If you’ve survived Janu-worry – everyone’s toughest money month after the festive season – you’re likely looking for ways to take control of your personal finance this year. February is the ideal time of year to have a long, hard look at your finances and make some responsible decisions. These tips are easy to implement and could help you have your best financial year yet.
Create a budget
The word budget tends to terrify people. But it actually doesn’t deserve its negative reputation. A budget can actually be incredibly positive, allowing you to achieve your goals and attain eventual financial freedom. Having a budget – and sticking to it – will ensure you save more and spend less. Creating a budget is one of the most important things you can do to take control of your personal finance this year.
Pay off your debts
Credit cards, personal loans, store accounts and even bonds all cost you huge amounts of money each month. These debts are quick to multiply and get out of hand. Paying off these debts will give you some much-needed relief in your budget. Now is the time to create a plan to get these paid off as quickly as possible before you find yourself in debt counselling.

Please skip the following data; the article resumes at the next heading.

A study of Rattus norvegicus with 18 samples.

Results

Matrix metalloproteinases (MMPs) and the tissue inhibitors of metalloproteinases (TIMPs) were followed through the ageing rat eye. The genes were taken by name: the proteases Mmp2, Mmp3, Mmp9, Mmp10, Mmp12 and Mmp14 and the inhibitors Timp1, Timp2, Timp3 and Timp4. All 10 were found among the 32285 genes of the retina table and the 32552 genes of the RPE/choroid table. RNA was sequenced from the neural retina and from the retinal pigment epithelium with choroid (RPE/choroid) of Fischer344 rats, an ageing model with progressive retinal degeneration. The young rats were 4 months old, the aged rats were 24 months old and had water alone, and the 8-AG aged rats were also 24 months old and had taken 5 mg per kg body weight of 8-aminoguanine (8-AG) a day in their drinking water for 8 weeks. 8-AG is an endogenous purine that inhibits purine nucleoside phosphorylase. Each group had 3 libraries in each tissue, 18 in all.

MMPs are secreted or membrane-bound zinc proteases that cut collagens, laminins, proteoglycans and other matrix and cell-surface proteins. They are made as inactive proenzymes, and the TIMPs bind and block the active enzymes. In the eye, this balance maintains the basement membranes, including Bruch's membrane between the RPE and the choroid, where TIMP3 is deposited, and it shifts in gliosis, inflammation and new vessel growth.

Start an emergency fund
An emergency fund is essential for absolutely everyone. You never know when something might happen – cars break down, geysers burst, people lose their jobs or become ill. All of these are terrifying to think about but if you have money saved up for this purpose, they immediately become manageable. Experts are divided in their opinions of just how much you should save in your emergency fund. Some say a minimum of three months, others six months and some even recommend up to a year’s worth of savings.
Strive to spend less
Most articles about spending less recommend you trim the excess from your budget by cutting cigarettes, coffee and lunches. But this isn’t going to make a big difference to your spending. You should really be looking at the biggest costs in your budget – typically your housing and transportation. This is where you can make the most difference to your saving with minimal effort. Next, look at your regular expenses which you hardly notice anymore. Is there any way these could be reduced or cut completely? Do you really need that expensive cell phone contract or satellite television? Could a phone call to your insurance provider result in that cost being slashed? If you make these changes, you could make a big difference to your monthly expenses.
Aim to save more
The key to making all those changes in your spending is to save that additional cash. If you don’t immediately put away the money you’ve saved on your insurance and cellphone bill, all of that work will have been for nothing. Opinions are divided on how much you should be saving. From the conservative 10% to the ultra-frugal 50% of your salary, financial advisors can’t seem to agree. But what they are quick to agree on, is that you should be saving as much as you comfortably can after looking at your budget.
Making these simple changes could have a massive impact on your financial future. Take the time to implement these changes now and you’ll be well on your way to a strong financial future.